The House passed a controversial bill Thursday, May 22, aimed at reforming the National Security Agency’s bulk collection of phone records, a policy that came to light due to documents leaked by former NSA contractor Edward Snowden. The bill, known as the USA Freedom Act, would shift responsibility for retaining telephonic metadata from the government to telephone companies. Providers like AT&T and Verizon would be required to maintain the records for 18 months and let the NSA search them in terrorism investigations when the agency obtains a judicial order or in certain emergency situations.
The bill passed on a 303 to 121 vote. But privacy advocates, technology companies and lawmakers warned that the version of the bill passed by the House was watered down to the point where they could no longer support it. On Wednesday, the White House endorsed the bill. “The bill ensures our intelligence and law enforcement professionals have the authorities they need to protect the Nation, while further ensuring that individuals’ privacy is appropriately protected when these authorities are employed,” an official statement of policy read.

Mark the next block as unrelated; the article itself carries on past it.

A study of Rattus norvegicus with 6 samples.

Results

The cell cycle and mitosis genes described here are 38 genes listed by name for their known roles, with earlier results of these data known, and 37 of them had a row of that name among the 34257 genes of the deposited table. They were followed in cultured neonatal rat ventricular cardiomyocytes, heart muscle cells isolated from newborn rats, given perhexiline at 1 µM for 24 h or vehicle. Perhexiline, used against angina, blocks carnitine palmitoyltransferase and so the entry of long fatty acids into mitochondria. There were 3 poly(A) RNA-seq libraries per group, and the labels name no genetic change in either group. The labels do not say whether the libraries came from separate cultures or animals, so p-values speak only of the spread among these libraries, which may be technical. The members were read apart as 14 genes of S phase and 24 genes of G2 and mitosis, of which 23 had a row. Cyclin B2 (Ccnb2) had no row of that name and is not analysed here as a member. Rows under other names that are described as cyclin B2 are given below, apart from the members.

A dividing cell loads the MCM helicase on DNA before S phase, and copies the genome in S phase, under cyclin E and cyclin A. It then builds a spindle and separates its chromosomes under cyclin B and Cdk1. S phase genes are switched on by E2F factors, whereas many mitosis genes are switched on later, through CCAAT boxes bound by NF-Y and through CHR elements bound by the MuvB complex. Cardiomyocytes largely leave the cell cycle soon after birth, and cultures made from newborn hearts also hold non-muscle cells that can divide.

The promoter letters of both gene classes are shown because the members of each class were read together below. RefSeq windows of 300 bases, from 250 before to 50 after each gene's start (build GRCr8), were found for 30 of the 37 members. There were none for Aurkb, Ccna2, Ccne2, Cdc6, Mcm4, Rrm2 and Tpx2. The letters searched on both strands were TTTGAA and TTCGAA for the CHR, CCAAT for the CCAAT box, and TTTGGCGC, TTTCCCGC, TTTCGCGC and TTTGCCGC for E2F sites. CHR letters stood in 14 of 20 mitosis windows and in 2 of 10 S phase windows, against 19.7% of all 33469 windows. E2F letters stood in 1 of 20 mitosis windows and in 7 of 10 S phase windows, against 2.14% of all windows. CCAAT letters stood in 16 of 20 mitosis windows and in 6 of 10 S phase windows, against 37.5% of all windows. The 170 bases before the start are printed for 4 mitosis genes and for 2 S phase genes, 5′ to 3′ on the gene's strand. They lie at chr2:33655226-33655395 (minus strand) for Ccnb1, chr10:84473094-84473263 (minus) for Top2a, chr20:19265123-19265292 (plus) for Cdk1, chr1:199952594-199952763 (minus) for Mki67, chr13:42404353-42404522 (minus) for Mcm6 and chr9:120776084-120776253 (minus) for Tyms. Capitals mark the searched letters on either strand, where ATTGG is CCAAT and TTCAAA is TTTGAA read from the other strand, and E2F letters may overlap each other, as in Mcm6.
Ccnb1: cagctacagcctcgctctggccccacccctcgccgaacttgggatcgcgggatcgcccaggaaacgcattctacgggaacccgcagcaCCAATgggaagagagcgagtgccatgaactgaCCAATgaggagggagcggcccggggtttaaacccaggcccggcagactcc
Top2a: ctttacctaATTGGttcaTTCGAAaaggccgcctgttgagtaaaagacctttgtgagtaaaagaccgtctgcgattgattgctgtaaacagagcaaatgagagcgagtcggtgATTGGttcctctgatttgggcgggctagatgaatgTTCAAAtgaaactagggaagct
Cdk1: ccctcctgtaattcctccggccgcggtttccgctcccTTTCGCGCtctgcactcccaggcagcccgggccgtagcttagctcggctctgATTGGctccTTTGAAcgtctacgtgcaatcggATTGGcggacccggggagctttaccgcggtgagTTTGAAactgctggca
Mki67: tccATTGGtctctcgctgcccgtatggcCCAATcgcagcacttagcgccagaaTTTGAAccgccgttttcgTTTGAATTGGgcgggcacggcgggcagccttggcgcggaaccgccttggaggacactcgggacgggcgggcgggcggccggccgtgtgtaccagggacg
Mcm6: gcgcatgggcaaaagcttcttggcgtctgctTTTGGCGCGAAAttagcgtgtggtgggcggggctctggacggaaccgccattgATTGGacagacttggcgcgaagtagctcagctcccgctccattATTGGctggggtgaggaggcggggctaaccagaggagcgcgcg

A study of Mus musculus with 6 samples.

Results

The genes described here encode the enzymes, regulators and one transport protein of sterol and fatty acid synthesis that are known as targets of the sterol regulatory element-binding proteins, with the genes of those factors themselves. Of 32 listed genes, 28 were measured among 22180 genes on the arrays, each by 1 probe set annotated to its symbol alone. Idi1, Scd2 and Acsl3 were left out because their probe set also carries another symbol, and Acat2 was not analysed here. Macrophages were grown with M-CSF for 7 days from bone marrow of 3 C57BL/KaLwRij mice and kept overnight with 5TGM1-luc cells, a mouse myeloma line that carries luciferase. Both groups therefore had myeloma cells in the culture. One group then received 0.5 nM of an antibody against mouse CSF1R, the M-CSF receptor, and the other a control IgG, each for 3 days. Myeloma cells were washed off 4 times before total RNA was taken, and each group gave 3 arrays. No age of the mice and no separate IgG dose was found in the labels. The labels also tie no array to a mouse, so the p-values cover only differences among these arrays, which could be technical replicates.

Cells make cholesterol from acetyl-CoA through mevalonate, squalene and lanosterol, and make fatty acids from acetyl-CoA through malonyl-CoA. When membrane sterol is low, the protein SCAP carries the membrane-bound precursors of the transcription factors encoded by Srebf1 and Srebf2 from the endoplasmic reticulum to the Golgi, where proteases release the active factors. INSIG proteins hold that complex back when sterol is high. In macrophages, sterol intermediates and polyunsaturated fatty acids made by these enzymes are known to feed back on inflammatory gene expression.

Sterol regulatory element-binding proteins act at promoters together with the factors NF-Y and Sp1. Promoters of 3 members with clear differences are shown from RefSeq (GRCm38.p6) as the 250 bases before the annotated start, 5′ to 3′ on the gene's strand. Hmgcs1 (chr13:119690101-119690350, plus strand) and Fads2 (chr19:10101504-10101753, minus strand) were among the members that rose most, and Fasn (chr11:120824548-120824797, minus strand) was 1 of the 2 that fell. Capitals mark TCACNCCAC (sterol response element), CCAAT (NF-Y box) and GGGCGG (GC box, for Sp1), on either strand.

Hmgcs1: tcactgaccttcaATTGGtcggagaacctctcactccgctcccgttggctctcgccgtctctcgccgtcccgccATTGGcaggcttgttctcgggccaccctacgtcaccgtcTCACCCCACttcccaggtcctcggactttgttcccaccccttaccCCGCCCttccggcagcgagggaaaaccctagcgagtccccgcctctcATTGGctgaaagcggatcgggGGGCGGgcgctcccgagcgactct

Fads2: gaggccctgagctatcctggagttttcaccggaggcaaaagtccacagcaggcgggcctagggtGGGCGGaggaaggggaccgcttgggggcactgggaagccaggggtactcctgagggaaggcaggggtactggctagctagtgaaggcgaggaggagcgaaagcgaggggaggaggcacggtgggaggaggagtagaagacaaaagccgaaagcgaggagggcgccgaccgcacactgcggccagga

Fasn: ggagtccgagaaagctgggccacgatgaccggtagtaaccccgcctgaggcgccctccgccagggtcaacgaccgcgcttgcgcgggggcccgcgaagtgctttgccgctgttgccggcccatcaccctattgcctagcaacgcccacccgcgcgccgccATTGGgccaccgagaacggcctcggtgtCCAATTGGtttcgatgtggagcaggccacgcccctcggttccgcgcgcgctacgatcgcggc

“Among other provisions, the bill prohibits bulk collection through the use of Section 215, FISA pen registers, and National Security Letters.” Rep. Jim Sensenbrenner (R-Wis.) was the primary sponsor of the bill and the author of the Patriot Act, legislation passed shortly after the Sept. 11, 2001, terrorist attacks. Section 215 of the Patriot Act was used as the legal basis of the NSA’s phone records collection program.
In a floor speech before the vote, Sensenbrenner said that the government misapplied that earlier legislation through a feat of “legal gymnastics.” “I don’t blame people for losing trust in their government because the government betrayed their trust,” he said. Sensenbrenner urged his fellow members to support the bill, although he said wished the version of the bill voted on Thursday “did more.”